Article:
The Bible is authentic because it is ultimately an autobiography of God. It is the Lord God Himself who wrote this book. He has used human agents and inspired them through the Holy Spirit to pen down his thoughts, but it was ultimately His guidance and his hands (figurative sense) that completed all 66 books of the Bible. What does this mean for us today? Listen to the sermon to find out.
For any mission to be accomplished, there needs to be peace and unity among a specific group standing for a cause. If there is no unity, the group falls apart. The disunity also weakens the individual to fulfill the mission so it is impossible to accomplish it alone. We’re hard wired to work and live in the context of community. How can such a unity be established among a group of people in the church who come from various backgrounds? This passage gives us insights into that tension.
As we enter into the new year of 2020, we often come with a sober reminder of things happened in past and things we hope would happen in the future. Our new year resolutions are filled with ideas and principles relating to prosperity either in terms of wealth, health or spiritual life; we want a rewarding life. In this passage, the Psalmist Moses reminds us of the author of our lives, which is God himself, who need to be acknowledged because our very existence depends on Him. Not only that, but our very destiny depends on Him. For Christians, God is their rewarding life!
If you experience great blessings in your life, it’s not because you did something right in the sight of God and earned it, but because of God’s goodness and mercy towards you. In this passage, the Psalmist invites us to know who this God is, and what privileges He gives in order to keep us safe through this journey of life. God not just gives us comfort and hope in difficult circumstances through His promises (that in itself is a privilege we receive which we don’t deserve), but He also journeys with us through life. That’s an unspeakable privilege for those who trust in the Lord.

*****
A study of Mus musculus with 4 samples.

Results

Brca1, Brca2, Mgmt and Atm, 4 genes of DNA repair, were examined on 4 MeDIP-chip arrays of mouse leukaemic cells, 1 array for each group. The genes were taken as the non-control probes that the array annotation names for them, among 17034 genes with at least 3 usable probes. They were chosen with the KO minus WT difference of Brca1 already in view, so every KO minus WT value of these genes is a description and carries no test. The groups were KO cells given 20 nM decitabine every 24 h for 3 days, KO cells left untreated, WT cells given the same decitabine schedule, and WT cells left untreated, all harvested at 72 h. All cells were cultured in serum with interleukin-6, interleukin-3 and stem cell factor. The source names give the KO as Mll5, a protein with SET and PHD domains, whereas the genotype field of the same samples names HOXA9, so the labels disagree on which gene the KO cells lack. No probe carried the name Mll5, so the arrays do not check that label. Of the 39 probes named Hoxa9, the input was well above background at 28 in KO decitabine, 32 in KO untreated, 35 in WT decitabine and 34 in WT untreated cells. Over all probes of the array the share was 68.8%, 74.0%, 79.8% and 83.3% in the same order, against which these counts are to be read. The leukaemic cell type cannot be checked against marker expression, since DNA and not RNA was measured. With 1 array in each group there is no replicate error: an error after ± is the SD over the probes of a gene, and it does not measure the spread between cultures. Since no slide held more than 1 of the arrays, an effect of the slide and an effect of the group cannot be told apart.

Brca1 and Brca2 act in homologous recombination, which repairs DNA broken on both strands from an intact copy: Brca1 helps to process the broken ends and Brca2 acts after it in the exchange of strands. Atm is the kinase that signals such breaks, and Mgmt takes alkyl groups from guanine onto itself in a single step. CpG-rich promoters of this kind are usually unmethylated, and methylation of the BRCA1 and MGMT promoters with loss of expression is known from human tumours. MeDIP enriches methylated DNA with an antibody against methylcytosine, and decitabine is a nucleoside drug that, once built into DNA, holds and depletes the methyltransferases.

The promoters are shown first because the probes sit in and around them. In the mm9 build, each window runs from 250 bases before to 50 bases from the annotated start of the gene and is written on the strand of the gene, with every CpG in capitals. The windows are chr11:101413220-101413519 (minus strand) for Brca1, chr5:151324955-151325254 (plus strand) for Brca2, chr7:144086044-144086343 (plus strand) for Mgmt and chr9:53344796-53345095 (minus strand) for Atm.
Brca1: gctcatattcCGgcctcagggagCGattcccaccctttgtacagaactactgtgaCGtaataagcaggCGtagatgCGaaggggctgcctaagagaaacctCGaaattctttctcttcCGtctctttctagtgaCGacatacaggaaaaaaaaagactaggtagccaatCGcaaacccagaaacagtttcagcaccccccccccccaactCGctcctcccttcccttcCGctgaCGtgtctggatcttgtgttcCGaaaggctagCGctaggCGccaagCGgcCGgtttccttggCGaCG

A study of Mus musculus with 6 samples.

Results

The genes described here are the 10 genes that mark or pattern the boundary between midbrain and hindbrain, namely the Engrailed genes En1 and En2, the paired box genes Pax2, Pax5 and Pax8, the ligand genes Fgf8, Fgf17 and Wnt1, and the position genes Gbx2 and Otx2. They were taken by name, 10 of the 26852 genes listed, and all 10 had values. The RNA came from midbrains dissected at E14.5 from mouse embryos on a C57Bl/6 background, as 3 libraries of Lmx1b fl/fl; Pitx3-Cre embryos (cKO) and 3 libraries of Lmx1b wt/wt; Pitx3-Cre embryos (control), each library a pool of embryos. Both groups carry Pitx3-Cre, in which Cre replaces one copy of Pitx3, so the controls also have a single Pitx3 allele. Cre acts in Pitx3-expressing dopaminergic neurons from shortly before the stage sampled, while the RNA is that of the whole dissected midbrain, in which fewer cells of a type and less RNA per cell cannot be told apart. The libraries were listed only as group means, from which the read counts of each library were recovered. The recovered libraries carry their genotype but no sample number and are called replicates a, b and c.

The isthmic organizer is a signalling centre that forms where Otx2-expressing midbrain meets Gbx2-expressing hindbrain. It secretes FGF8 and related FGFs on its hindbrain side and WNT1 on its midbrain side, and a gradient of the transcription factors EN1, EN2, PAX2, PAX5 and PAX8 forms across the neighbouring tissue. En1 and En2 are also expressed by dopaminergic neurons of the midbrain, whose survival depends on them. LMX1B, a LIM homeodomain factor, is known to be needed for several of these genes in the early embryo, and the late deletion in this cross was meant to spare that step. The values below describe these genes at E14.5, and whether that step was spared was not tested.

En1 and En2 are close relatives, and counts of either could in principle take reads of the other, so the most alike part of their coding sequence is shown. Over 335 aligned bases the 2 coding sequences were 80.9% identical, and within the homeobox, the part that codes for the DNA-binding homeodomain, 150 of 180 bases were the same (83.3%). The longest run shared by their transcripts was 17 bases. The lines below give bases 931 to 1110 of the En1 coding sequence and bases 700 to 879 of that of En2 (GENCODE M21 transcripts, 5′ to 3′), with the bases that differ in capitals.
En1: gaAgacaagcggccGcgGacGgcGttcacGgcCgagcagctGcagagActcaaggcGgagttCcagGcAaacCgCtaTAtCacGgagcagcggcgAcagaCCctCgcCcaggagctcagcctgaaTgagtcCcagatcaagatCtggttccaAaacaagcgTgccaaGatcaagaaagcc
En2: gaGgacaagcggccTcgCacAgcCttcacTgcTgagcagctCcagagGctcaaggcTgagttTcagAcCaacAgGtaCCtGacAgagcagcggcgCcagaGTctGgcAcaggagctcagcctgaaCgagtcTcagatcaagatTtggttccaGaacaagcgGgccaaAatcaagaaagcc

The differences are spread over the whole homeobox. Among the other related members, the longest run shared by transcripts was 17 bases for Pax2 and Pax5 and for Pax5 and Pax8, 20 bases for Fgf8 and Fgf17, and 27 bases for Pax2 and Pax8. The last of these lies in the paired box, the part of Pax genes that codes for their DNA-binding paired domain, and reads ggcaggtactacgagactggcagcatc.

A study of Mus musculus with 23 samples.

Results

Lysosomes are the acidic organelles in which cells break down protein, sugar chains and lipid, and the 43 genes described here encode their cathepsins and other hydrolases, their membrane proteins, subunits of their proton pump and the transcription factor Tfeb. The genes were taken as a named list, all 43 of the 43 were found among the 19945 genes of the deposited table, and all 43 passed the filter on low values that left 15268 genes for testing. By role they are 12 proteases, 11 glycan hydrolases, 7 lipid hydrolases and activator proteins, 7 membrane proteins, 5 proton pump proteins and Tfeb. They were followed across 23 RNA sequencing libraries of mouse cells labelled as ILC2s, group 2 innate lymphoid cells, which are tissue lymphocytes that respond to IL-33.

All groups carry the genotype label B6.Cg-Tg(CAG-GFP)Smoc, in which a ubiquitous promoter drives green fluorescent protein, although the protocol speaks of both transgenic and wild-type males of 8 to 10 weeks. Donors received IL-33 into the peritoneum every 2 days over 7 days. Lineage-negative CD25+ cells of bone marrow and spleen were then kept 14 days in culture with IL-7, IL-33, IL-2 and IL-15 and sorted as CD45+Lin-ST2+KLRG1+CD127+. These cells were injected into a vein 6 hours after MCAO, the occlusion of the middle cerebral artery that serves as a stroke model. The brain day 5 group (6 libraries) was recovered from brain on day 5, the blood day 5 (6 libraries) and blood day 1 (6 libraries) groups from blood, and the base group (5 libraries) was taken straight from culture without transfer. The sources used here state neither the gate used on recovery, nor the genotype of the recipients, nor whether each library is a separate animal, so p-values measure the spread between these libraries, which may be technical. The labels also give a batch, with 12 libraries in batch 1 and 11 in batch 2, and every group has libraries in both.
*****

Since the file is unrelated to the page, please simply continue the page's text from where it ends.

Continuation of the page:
We often define happiness based on how successful we are in our endeavors. If things in life are not as desired, then we will not be happy. But Jesus does not define happiness based on the good things that happen in our lives, he defines happiness even when bad things happen to us. He presents a counter-intuitive perspective on having a happy life. Listen to the sermon to find out.
We often characterize our cultural distinctive by what we eat and drink. This is not necessarily wrong, but it goes wrong when we look down upon others because of our differences in eating and drinking. But the Apostle Paul teaches us in this passage to live in unity and be mindful of other people’s choices despite our different cultural backgrounds. Why is this unity important? Why should our Christian liberty needs to be carefully exercised? Listen to this sermon to find out.
As Christians we often misunderstand mission as going only to foreign lands, but overlook the immediate context where the Lord has put us. We change careers, places and take major decisions either because of external pressure or because of our internal desires. We’re prone to make too many changes without really understanding God’s will for our lives. In this passage we learn how God calls us to be faithful in our calling wherever he has placed us.
God already showed us in scriptures what it means for us to be His children, and what it costs us to follow Him. In many ways, the Cross of Jesus Christ is the way of Christian Life. He humbled Himself to the cross and sacrificed His own life for us, He suffered for our sake, He endured all kinds of rejection from His own people. In this passage, we see how the Cross becomes the model for christian life.
The Bible does not command Christians to sacrifice truth and pursue unity among people in the church, and neither does it command us to pursue only truth and not unity. Fundamental truths of the Bible and unity are different sides of the same coin. It is ultimately the gospel which unites us to Christ and His church. In this sermon, we learn about the nature and the need for Christian unity.